Almost everything in basketball is coachable. Coaches can teach a player how to shoot, defend, dribble, but there's one quality that even the best can’t teach: passion. Not the type of passion that means enjoying winning or loving to play the game, but the kind of passion that means absolutely hating to lose. It's something freshman guard Mataya Gayle has never had to be taught.

“I just really hate to lose," Gayle said. "It really pisses me off. But I also just love my teammates a lot … for me, I don’t wanna let them down, so I gotta lock in and be the best I can be on the court.” 

Gayle’s passion, along with plenty of hard work, has led her to one of the best rookie seasons in Penn women’s basketball history. Racking up six Ivy League Rookie of the Week awards thus far in her stellar debut campaign, Gayle has taken the league by storm. Her success has served as a pleasant surprise for many, but winning has always been a part of Gayle’s story.

Starting athletics at the age of four, Gayle has been ready to win from day one.

“She started out walking at first, and we had to teach her how to crawl,” Gayle’s father, Rashid Gayle, said as he watched her compete versus Yale. “Developmentally, she was supposed to have to crawl first or something. Couldn’t tell her that though.”

Soon, walking turned to running as Gayle started track, and running turned to winning as she racked up numerous awards. As of today, Gayle owns her high school’s records for the 100-meter hurdles, 300-meter hurdles, 4x400-meter relay, and more. Her competitiveness drove her to other sports as well, including lacrosse and, of course, basketball.

“My dad is an athletic trainer and coach. As soon as I could walk, I was doing track,” Gayle said. “I really liked it, don’t get me wrong, but 13 years is a long time. By the time I got to high school, I got burnt out, and basketball gave me that athletic spark back.”

Despite playing in a highly talented and competitive division in Atlanta, Gayle immediately made an impact on her high school basketball team. Joining a floundering 4-24 team as a freshman, Gayle would be the driving force in turning it into a 24-4 team by her sophomore year. 

“She should've been regional player of the year as a freshman," Gayle’s high school coach, Jason Taylor, said. “She then went on to win it sophomore, junior, and senior year. She could’ve never played for me. After our four-win season, we went from four wins to four losses with her.”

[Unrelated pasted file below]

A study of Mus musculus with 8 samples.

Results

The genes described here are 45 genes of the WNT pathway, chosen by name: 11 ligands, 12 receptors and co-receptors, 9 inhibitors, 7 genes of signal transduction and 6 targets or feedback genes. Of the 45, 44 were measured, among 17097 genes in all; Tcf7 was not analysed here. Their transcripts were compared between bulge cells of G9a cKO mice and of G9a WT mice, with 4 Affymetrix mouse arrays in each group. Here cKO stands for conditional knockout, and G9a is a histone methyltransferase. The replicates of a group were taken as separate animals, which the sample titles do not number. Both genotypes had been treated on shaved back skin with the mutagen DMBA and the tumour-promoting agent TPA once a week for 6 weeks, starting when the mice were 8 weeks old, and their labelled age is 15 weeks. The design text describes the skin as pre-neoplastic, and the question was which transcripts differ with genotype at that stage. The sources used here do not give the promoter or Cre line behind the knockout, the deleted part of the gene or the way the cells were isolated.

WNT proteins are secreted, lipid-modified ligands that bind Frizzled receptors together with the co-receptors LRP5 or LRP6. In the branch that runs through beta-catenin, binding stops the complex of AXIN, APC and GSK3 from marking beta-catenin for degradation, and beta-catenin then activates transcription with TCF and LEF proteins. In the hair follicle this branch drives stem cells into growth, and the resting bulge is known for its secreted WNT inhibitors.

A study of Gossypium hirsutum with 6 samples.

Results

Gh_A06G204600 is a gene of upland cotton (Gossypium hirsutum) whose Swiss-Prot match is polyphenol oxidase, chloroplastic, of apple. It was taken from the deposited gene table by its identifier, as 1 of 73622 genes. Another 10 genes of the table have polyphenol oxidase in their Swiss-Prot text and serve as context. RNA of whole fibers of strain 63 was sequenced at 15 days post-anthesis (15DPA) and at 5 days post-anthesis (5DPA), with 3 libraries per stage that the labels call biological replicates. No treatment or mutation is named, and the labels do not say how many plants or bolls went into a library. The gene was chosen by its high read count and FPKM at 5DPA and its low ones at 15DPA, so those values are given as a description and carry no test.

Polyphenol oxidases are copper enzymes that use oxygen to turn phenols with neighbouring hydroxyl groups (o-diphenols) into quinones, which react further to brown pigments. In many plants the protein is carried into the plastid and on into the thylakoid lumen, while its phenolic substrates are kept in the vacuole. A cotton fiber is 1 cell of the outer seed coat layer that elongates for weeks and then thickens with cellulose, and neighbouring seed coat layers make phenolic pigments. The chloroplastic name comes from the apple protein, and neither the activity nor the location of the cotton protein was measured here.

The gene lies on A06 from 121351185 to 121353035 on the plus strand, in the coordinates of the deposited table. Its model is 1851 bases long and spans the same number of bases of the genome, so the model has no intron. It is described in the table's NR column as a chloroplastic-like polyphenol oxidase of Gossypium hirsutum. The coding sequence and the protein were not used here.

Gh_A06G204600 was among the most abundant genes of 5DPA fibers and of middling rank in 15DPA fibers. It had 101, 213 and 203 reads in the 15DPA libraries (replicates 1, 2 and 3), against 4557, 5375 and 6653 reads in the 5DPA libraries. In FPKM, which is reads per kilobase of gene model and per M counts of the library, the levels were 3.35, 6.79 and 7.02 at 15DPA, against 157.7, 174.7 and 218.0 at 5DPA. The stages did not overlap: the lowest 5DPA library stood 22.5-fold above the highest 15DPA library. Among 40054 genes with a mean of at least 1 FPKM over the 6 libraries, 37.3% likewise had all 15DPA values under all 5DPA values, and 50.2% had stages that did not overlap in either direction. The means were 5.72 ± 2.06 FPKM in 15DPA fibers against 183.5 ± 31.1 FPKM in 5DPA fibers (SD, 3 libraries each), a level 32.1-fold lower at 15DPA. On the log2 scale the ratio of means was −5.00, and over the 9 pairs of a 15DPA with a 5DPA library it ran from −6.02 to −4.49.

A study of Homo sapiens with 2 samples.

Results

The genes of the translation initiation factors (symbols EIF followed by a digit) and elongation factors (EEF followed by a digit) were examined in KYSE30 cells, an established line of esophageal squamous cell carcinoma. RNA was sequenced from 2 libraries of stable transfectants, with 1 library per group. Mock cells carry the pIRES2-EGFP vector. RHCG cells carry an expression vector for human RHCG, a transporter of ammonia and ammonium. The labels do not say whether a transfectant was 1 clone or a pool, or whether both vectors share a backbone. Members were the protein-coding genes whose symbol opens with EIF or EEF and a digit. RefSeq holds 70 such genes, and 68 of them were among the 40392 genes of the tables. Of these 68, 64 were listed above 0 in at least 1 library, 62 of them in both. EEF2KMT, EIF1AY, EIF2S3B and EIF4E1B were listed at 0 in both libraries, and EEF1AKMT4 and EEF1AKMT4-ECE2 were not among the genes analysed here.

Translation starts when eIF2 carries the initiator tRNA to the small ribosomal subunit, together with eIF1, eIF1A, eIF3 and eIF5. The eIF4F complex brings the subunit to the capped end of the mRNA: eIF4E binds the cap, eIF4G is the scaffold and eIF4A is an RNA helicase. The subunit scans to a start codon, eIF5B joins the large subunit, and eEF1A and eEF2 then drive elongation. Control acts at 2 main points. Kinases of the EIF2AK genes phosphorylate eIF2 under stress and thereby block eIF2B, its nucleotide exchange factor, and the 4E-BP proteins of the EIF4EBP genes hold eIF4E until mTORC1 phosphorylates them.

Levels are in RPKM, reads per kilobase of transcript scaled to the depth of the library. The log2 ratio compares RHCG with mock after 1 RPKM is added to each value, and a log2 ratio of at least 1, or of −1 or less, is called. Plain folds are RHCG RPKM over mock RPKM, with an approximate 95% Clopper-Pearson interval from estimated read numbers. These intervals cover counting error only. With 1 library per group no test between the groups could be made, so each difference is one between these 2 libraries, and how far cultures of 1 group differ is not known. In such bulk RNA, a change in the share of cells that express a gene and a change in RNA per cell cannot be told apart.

Despite her short stature, standing at around 5-foot-7, she would continuously prove her worth on the court, playing against state champions, future WNBA prospects, and national juggernauts, but never letting the competition in front of her outshine her own abilities.

“She played against Flau'jae Johnson, who’s at LSU, Raven Johnson at South Carolina. She played against top-level kids her entire career,” Taylor said. “Georgia Tech came down to watch Bryanna Preston (a four-star prospect committed to Texas), and they had to watch every single bucket Mataya gave her. I think she [Gayle] had 30 [points]. She has always performed against the best of the best.”

After her four seasons in high school, Gayle won just about everything there was to win in Georgia high school basketball. This list includes, but is not limited to, 2023 Georgia state champion, three-time regional champion, three-time fall league champion, three-time regional player of the year, Georgia High School Association 6A Player of the Year, Georgia Basketball Coaches Association/Georgia Athletic Coaches Association 6A Player of the Year, Scorebook Live Player of the Year, Metro Atlanta Player of the Year, Georgia Public Broadcasting Sports Player of the Game in state championship, and Sandy Spiel Miss Georgia Basketball.

Even the long list of accolades playing against some of the best competition in the nation wasn't enough to catch the attention of many of the best collegiate programs. The truth is, she was overlooked by many due to her height and frame. Being 5-foot-7 doesn’t always translate to the Division I level, where play is inherently more physical, but during recruitment, Penn knew her heart stood much taller than her height ever could.

“She’s always felt she has had to prove herself. When going to Penn, she's guaranteed herself a chance to compete, play, and prove herself,” Taylor said.

“He told me the plan he wanted for me,” Gayle said about her new head coach, Mike McLaughlin. “He wanted me to be a point guard, and he wanted me to be dominant.”

With a chip on her shoulder and everything to prove, Gayle has gone out in her freshman year and done just that: dominate. Playing the same way she played in her final two years in high school, Gayle has run the point beautifully for the Red and Blue. Racking up solid performances, awards, wins, and the respect of her peers, Gayle has exploded onto the Ivy League scene.

With plenty still left to prove and a full college career ahead of her, only time will tell if Gayle can spark a turn around here at Penn like she did for her high school program. Her deadly mentality, mixed with her infectious personality, has her poised to be the next leader in the locker room once that role becomes available.

“She’s a leader of a program. It's not her role now, seeing as she's a freshman, but she can’t wait,” Rashid Gayle said. “She’ll yell and cuss at you because she's not here to be your friend. She's here to win.”

As Penn women’s basketball fights for a spot in the fast-approaching Ivy League tournament, Gayle will soon find out if she truly is the difference maker that she’s expected to be.